Research Project: Sustaining Productivity and Ecosystem Services of Agricultural and Horticultural Systems in the Southeastern United States

Location: Soil Dynamics Research

Title: Improving yield and health of legume crops via co-inoculation with rhizobia and Trichoderma: A global meta-analysis

Author
item BARBOSA, JULIERME - Federal University Of Minas Gerais
item HUNGRIA, MARIANGELA - Embrapa
item Prior, Stephen - Steve
item MOURA, MARIA - Federal University Of Minas Gerais
item POGGERE, GIOVANA - Federal University Of Technology - Parana
item MOTTA, ANTONIO - Federal University Of Parana Polytechnic Center

Submitted to: Applied Soil Ecology
Publication Type: Peer Reviewed Journal
Publication Acceptance Date: 4/1/2022
Publication Date: 4/7/2022
Citation: Barbosa, J.Z., Hungria, M., Prior, S.A., Moura, M.C., Poggere, G., Motta, A.C. 2022. Improving yield and health of legume crops via co-inoculation with rhizobia and Trichoderma: A global meta-analysis. Applied Soil Ecology. 176: 104493. https://doi.org/10.1016/j.apsoil.2022.104493.
DOI: https://doi.org/10.1016/j.apsoil.2022.104493

Interpretive Summary: This meta-analysis of co-inoculation of rhizobia and Trichoderma spp. in legumes showed that this technology provides multiple plant benefits compared to inoculation with rhizobia alone. Co-inoculation improved disease control, the root system and nodulation (growth and activity) that contributed to more N in shoots and grain. Co-inoculation showed agronomic efficiency even under contrasting conditions such as variations in legume species, rhizobia genus and Trichoderma species, co-inoculation methods, plant health status, field or pot experiments, and other edaphic factors. Plants had superior response to co-inoculation when Trichoderma spp. was inoculated via soil and using liquid formulations. In summary, co-inoculation in legumes shows potential for improving economic and environmental aspects of agroecosystems, indicating use should be encouraged as scientific and technological improvement are sought.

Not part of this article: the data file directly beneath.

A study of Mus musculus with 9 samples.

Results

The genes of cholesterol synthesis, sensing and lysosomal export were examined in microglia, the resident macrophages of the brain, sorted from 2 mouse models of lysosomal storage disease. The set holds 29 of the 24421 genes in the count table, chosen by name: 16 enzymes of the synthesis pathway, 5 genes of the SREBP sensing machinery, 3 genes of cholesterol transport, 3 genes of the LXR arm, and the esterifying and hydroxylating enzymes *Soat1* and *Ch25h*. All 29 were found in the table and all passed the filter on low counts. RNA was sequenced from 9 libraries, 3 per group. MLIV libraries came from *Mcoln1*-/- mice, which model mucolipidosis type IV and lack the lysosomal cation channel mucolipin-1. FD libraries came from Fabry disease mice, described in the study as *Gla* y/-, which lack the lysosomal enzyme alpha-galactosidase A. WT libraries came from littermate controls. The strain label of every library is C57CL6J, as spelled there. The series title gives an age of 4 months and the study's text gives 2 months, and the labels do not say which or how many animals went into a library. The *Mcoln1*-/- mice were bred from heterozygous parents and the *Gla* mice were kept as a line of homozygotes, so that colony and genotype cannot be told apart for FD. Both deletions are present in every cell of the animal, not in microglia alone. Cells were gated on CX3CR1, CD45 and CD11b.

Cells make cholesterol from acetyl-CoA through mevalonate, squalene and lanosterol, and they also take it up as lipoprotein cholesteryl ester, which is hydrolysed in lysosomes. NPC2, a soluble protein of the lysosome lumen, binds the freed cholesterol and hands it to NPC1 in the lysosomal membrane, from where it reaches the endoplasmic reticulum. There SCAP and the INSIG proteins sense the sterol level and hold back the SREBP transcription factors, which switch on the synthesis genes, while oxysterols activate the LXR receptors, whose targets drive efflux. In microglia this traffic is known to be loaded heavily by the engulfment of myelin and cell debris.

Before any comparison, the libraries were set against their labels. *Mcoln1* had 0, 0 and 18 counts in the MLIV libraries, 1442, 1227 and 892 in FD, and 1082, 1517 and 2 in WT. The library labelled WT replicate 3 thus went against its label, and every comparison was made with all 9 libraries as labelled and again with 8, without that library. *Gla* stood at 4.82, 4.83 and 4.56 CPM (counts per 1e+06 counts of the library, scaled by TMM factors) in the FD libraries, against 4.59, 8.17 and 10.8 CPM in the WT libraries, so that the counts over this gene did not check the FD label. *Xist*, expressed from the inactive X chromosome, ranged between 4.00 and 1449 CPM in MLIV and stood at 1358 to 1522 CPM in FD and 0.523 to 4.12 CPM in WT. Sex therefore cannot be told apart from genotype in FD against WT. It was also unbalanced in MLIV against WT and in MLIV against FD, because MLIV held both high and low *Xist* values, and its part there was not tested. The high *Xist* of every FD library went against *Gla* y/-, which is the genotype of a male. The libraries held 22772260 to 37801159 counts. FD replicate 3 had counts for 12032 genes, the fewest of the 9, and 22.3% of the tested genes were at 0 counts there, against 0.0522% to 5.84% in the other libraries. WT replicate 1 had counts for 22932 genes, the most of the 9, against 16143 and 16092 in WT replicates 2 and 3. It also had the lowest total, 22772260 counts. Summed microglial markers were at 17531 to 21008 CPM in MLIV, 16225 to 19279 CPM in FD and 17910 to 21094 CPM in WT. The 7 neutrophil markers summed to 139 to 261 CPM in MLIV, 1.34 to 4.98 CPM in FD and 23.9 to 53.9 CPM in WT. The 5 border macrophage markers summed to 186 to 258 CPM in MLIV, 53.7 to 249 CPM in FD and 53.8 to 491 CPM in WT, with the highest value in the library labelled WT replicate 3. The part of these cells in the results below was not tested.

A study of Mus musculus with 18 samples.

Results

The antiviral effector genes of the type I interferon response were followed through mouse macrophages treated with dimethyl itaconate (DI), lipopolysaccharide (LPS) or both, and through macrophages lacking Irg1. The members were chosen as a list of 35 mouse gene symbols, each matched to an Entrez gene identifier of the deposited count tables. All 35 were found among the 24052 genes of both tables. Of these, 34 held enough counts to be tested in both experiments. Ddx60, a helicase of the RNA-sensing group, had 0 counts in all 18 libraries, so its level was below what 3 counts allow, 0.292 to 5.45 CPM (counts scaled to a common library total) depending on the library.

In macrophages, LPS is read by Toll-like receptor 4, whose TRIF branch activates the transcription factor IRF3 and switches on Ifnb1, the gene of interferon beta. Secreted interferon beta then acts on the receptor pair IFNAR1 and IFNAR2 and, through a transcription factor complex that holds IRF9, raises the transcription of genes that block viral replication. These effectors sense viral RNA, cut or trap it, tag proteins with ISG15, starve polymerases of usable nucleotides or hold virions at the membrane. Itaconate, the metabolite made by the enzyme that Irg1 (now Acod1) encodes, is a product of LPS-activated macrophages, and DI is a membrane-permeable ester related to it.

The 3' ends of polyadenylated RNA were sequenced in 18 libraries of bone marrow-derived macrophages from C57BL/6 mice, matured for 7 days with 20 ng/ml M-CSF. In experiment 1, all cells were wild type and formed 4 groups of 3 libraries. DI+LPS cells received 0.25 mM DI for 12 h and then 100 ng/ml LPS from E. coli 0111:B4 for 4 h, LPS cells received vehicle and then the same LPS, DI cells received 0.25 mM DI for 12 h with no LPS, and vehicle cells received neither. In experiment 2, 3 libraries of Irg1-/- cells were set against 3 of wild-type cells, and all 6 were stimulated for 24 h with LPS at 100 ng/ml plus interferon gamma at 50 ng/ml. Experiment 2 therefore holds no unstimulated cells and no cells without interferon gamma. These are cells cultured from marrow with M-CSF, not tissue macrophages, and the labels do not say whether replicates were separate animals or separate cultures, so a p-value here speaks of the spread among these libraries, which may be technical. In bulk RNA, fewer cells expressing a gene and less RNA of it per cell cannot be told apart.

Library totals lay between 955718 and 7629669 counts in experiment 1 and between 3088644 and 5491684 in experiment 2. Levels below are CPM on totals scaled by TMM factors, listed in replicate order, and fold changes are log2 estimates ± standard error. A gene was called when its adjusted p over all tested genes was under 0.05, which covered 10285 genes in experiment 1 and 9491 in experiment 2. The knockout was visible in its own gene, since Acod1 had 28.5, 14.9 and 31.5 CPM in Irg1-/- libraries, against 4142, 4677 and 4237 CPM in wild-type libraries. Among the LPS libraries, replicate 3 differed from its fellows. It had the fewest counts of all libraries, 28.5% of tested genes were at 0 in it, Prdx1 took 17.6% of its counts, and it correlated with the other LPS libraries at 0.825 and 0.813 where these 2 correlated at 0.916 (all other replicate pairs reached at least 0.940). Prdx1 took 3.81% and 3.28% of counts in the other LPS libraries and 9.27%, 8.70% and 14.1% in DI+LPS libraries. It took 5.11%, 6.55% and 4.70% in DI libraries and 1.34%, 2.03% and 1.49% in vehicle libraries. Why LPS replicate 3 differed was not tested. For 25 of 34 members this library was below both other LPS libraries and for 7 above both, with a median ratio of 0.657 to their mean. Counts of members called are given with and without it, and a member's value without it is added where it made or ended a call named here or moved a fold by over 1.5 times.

Technical Abstract: Trichoderma is a genus of fungi used for biological control and plant growth promotion, however, effects of co-inoculation with rhizobia in legumes still requires detailed analysis. This study conducted a global meta-analysis of 59 published studies (1992–2021) on co-inoculation of legumes with rhizobia and Trichoderma spp. to assess factors affecting efficiency compared to inoculation exclusively with rhizobia. Co-inoculation favored plants by reducing disease incidence (-44%) and increasing root mass (+17%), nodule number (+32%), nodule mass (+37%), nodule nitrogenase activity (+35%), shoot nitrogen content (+8%), and grain yield (+14%). Co-inoculation of legumes can decrease root diseases caused by Fusarium spp., Rhizoctonia spp., Macrophomina phaseolina, Pythium debaryanum and Sclerotium rolfsii and also has potential as a plant growth promoter regardless of plant health. Positive effects of co-inoculation on grain yield and root mass were observed under most evaluated factors (e.g., differences in legume species and microorganisms, co-inoculation methods, experimental conditions, plant health status, and edaphic factors). Co-inoculation with rhizobia and Trichoderma spp. may contribute to sustainable intensification of legume production systems due to multiple plant benefits under a wide range of conditions.